Hyundai Veloster Turbo Video Review


They've pumped up the testosterone. It's got a fat, black grille. They changed the exhaust pipes to round, and framed them in a race-inspired diffuser. There's round fog lights up the pointy end. You can even tick the box for the cheapest factory matte paint job available in Australia today. Just remember not to polish it - ever.

And then there's the engine – a twin-scroll turbocharged, direct injected 1.6 with almost 50 per cent more power and 60 per cent more torque than the atmo Veloster. The Veloster Turbo even gets bigger brakes and quicker steering.

But does it pass the gestalt test? Is the driving experience actually greater than the sum of its hormone-enhanced parts? Let's find out.

The new turbo engine doesn't exactly slam you off the mark; it all comes on in a rush once you get over 2000rpm. It's not scary-fast, but it is surprisingly quick. The outputs are actually quite modest – peaking at 150 kilowatts and 265 Newton-metres. But it still manages to pile on the pace, especially between the exit from the last bend and the entry to the next one. You'll need to stay ahead of the game, mentally, and keep at least one eye on your licence.

It’s easy to have too much fun, in this car.

The Veloster turbo manages to handle and steer really well, too. The ride's a bit choppy, but sporty performance cars are supposed to be like that. It’s crisp.

The rear end's not quite as well glued to the road as the front - you'll find out about that going hard over your first mid-corner bump, which could be quite interesting. But the steering's just right, and you don't have to worry about torque steer.

Hyundai has moved away from the dual-clutch transmission in the turbo. You can have either a six-speed manual or a conventional six-speed auto for two grand more.

There are some awesome colours in the range, including one called Young Gun, a metallic matte finish that winds up being about $100 grand cheaper than essentially the same colour on a BMW M3 Coupe, and a colour called Chameleon, which has a pretty neat flip in the paintwork – for a factory paint job. There’s also a pearl colour called Storm Trooper White, and I can already hear the lawyers acting for George Lucas planning the trademark infringement case around that. The white’s a no-cost option, but the other two quirky finishes will knock you back $1000.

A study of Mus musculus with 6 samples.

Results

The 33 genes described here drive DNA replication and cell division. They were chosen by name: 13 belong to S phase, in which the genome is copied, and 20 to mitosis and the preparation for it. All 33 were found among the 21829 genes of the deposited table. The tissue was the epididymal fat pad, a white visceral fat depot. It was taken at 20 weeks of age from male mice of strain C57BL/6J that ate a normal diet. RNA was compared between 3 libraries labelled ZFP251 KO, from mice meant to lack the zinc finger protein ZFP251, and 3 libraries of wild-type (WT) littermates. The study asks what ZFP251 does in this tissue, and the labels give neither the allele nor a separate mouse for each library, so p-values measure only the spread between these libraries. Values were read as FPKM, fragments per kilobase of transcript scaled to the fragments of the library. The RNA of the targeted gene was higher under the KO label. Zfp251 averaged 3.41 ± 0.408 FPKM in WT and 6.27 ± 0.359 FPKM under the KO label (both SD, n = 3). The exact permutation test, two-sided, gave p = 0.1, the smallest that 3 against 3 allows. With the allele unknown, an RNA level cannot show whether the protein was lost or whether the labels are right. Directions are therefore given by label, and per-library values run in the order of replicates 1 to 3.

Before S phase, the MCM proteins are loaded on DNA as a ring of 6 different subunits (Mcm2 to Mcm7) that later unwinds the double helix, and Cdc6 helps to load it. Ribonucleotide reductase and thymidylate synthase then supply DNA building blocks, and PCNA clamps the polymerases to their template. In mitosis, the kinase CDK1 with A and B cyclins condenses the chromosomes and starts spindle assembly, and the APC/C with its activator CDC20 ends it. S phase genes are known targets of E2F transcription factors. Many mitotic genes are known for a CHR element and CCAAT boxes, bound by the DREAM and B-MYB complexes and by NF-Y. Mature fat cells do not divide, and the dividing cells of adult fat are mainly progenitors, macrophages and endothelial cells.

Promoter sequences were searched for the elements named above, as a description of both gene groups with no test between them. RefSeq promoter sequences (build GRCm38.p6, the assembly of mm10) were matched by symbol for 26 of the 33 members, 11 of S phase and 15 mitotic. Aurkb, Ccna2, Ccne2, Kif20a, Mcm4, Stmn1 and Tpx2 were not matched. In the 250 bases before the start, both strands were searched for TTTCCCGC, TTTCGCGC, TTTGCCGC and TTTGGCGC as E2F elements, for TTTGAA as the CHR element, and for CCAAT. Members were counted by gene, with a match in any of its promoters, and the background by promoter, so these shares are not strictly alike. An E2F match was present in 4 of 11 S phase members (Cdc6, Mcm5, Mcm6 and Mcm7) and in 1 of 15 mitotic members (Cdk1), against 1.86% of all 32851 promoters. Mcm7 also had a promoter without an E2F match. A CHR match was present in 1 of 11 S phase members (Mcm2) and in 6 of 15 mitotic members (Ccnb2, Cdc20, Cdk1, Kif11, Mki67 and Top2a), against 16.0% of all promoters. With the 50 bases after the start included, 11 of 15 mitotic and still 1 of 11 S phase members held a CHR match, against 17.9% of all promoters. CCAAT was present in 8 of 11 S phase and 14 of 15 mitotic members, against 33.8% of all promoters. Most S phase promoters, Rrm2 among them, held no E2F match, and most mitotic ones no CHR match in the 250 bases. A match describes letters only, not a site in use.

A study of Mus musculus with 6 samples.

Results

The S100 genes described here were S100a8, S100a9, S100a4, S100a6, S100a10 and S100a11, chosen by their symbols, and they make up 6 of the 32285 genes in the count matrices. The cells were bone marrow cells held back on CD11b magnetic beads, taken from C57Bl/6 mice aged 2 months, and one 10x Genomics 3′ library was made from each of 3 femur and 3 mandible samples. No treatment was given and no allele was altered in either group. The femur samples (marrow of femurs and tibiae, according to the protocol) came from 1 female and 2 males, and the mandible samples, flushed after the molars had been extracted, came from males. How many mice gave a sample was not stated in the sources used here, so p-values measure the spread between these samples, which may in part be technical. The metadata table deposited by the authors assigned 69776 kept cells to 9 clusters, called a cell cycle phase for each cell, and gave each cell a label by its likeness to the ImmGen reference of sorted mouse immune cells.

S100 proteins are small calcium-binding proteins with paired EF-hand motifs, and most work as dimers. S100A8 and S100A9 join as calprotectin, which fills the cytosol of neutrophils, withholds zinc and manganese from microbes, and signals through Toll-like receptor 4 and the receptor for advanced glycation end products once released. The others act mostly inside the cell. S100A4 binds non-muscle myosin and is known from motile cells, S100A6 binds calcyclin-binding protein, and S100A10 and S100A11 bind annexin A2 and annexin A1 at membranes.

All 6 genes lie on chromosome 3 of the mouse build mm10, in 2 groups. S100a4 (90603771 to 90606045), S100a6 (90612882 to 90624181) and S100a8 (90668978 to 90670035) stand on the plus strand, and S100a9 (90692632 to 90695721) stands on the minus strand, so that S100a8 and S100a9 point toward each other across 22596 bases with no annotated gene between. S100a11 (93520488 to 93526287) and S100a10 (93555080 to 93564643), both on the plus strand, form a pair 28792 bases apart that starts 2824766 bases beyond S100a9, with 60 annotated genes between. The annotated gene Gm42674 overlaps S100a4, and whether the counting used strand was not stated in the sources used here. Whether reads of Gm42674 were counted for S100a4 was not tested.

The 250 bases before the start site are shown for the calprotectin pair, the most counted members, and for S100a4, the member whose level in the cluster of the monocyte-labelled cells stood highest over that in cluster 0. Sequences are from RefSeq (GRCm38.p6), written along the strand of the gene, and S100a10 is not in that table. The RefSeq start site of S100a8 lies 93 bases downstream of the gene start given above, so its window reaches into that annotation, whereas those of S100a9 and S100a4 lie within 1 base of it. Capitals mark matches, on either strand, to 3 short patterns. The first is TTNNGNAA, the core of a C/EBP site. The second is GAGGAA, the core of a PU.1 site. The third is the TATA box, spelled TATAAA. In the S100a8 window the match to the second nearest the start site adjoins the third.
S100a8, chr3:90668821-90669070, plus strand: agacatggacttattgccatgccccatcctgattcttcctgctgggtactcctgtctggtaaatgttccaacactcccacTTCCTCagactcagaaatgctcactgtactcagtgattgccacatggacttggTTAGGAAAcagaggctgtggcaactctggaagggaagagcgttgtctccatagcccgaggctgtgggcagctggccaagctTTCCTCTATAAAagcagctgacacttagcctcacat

Like the atmo Veloster, you get five-star safety, six airbags, the same ‘two doors on the left and one on the right’, confusion over whether you’re actually in a hot hatch or a sports coupe – and a list of standard features longer than your arm.

The best thing about the Veloster Turbo is the price. It’s $32 grand plus on-road costs for the manual. That’s just $3000 more than the standard car, which is an absolute bargain when you factor in the brake and steering upgrades as well as the amped-up engine.

It’s a real philosophical alternative to the new Toyota 86 and the Subaru BRZ. It's got the performance and most of the dynamic finesse, and the same kind of cred, only different. It drives from the other end, and while the Japanese pair drip with almost Pinninfarina styling, the Veloster dares to be different. It’s more of a rolling, science fiction prop. The kind of thing Scary Spice might design, on crack, for the next Transformers movie. Not that that's a bad thing.